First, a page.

12 Regional Barbecue Sauce Styles All Grill Masters Should Know
Some barbecue sauces are tangy and sweet, while others are thick and spicy. Here's what you need to know about regional barbecue sauce styles from across the country.
Barbecue Sauce Across the Country
Most barbecue sauces contain vinegar, tomato and mustard, but each regional barbecue sauce is distinct. What’s the difference between the sauces from Alabama and Texas? Kansas City or St. Louis? Memphis or Nashville? We break it down in this guide to the country’s most popular sauces.
East North Carolina
North Carolina is all about whole hog barbecue, and the traditional barbecue sauce in this region is bare bones and basic. It’s a pungent, thin sauce made from little more than cider vinegar, red pepper flakes and some salt. It’s perfect for cutting through fatty pork, but we think it tastes pretty good on chicken, too.
West North Carolina
If pure vinegar isn’t your jam, tame things down by adopting the Piedmont or Lexington version of Carolina barbecue sauce. It’s almost identical to the East Carolina sauce, except they add ketchup and brown sugar to mellow out that vinegar tang. This thicker, sweeter sauce is still great on pulled pork, especially if you’re serving it up as a sandwich.
If you’re a mustard-on-your-hot-dog kind of person, you’ll love SC barbecue sauce. It doesn’t contain any ketchup at all, and it’s almost always made with plain yellow mustard. It’s rich, spicy and tangy—without any semblance of sweetness—making it perfect for pork or chicken.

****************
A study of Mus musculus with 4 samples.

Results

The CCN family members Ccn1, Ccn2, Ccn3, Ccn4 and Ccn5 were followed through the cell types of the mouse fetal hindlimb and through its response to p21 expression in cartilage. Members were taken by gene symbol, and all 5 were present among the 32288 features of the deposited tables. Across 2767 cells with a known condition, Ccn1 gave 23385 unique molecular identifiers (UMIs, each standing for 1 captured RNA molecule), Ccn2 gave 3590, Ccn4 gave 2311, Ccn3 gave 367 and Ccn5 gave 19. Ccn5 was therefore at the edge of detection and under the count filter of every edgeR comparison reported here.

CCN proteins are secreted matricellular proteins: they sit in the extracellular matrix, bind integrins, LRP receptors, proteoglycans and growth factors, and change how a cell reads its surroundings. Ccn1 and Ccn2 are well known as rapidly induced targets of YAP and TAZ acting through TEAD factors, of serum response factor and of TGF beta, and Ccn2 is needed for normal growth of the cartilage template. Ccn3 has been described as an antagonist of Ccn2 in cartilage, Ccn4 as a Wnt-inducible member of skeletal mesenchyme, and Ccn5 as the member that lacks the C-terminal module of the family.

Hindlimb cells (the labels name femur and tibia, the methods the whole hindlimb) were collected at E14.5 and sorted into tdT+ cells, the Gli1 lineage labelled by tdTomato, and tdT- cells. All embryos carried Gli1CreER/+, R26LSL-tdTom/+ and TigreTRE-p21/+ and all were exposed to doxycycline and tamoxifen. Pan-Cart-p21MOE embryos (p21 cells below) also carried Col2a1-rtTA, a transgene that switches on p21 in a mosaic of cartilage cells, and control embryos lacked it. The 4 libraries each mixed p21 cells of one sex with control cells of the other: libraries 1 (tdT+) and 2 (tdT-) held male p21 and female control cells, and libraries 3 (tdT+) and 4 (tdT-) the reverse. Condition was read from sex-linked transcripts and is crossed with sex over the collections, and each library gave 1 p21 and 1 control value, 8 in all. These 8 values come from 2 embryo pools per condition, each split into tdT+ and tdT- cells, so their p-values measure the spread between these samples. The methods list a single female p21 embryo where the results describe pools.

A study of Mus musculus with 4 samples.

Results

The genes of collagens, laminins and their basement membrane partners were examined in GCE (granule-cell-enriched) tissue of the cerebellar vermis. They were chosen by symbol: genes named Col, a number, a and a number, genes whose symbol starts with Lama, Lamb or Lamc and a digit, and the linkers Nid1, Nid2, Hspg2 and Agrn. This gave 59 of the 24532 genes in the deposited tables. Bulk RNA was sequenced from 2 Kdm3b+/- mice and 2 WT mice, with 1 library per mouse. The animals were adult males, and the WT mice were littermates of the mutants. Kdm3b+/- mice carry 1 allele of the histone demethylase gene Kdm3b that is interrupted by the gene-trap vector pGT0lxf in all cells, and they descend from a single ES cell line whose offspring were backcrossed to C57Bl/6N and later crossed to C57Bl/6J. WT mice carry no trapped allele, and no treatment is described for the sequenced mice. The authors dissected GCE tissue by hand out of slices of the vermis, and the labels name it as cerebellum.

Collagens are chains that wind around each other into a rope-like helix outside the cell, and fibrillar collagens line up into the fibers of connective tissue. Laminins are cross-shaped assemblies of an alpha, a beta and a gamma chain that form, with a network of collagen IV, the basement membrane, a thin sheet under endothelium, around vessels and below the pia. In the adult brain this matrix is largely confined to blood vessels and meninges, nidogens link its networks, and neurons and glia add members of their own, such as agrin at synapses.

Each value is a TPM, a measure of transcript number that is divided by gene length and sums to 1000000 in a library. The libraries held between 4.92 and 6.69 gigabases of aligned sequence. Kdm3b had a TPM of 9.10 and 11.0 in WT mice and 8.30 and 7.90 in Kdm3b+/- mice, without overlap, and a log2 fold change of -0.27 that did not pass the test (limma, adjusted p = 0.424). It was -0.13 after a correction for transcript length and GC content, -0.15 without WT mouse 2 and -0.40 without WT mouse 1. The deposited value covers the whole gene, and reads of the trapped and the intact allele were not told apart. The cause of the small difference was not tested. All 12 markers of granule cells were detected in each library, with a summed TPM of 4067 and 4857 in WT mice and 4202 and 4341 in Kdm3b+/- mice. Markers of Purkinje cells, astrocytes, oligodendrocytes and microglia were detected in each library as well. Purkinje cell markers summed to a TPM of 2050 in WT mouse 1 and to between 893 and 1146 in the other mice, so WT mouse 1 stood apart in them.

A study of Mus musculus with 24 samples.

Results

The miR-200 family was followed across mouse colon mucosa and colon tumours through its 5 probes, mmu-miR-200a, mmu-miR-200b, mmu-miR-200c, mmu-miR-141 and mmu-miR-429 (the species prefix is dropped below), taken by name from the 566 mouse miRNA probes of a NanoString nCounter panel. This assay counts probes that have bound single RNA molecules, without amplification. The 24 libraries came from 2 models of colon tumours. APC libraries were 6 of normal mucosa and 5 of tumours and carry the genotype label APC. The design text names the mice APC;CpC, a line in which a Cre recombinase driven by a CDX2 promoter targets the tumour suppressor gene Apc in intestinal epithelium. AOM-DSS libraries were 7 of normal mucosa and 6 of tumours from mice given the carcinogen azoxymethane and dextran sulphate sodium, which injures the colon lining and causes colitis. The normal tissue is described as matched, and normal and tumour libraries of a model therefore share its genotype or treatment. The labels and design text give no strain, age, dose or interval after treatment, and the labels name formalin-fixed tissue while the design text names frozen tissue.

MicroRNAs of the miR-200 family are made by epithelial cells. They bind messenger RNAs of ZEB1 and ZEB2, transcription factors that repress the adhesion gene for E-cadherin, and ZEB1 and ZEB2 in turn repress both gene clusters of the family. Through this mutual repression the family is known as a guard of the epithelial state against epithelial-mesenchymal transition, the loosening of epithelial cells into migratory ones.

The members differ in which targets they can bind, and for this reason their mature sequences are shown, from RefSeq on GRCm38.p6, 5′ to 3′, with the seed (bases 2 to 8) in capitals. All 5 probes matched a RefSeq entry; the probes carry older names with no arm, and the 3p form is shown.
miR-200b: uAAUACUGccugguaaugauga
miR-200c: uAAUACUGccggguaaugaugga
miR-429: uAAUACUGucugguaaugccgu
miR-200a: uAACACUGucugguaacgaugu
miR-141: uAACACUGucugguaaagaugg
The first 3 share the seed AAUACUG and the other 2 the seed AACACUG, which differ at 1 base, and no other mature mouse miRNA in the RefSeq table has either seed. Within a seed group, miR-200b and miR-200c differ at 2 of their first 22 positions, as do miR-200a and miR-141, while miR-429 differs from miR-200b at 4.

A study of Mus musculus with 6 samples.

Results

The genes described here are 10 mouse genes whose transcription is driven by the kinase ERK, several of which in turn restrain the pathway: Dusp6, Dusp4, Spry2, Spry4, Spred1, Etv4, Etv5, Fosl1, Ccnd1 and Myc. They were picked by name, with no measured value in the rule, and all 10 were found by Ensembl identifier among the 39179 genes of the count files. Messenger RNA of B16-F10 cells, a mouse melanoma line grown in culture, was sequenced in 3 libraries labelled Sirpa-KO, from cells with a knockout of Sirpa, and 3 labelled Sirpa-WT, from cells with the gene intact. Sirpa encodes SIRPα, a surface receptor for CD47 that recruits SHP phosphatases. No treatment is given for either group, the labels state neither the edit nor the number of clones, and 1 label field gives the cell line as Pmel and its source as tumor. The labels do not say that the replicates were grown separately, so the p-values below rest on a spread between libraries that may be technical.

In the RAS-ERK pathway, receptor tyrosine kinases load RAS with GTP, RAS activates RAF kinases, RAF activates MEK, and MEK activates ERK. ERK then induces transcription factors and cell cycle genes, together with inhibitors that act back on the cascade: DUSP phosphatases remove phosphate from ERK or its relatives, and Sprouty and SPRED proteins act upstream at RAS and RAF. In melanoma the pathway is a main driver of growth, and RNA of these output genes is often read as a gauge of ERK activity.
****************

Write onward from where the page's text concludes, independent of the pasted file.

You might not think about Florida when it comes to barbecue, but they’re famous for their signature smoked mullet. Florida sauce combines Carolina’s heavy vinegar presence with Cuban citrus and Caribbean spicy and tropical elements. It’s usually basted on the meat or fish as it cooks.
Baltimore-style barbecue is different from anywhere else in the country. These Marylanders are famous for their pit beef sandwich, which is grilled rather than smoked. This sandwich is traditionally served up with a creamy horseradish sauce. The spicier the sauce, the better!
When you think of generic barbecue sauce, it’s probably Kansas City-style. This sweet and tangy sauce can contain more than a dozen ingredients, but it always starts with a tomato or ketchup base and includes brown sugar or molasses as a sweetener. It’s good on everything, but it’s especially tasty on a rack of ribs. Because of the high sugar content, you’ll want to use this sauce after cooking so it doesn’t burn.
St. Louis barbecue sauce is similar to Kansas City (hey, they’re both from Missouri), but its thinner because of the addition of vinegar, which also tames down the sweetness quite a bit. It has a sweet-and-sour flavor with a kick of spice, and its lower sugar content means it can be used while the meat cooks without fear of the sauce burning.
Take a peek at a map, and you won’t be surprised that Oklahoma barbecue combines Texas meats and Kansas City-style sauce! The sauce is heavy with ketchup, Worcestershire and sweet-and-tangy flavors, making it a perfect accompaniment to cut through the fat of a barbecued beef brisket.
Many people will tell you Memphis barbecue is served without a sauce: They use a dry rub on their ribs to give it plenty of flavor from the get-go. Others swear by “web” rubbed ribs, which uses a barbecue sauce that’s thinner than Kansas City but sweeter than St. Louis.
East Tennessee is split between two barbecue styles: the tangy, vinegar-forward sauce of the Carolinas and the sweet versions that come from Memphis and St. Louis. You’ll find a variety of sauces in Nashville, but they’re almost always a smokier version of the sauces from surrounding areas.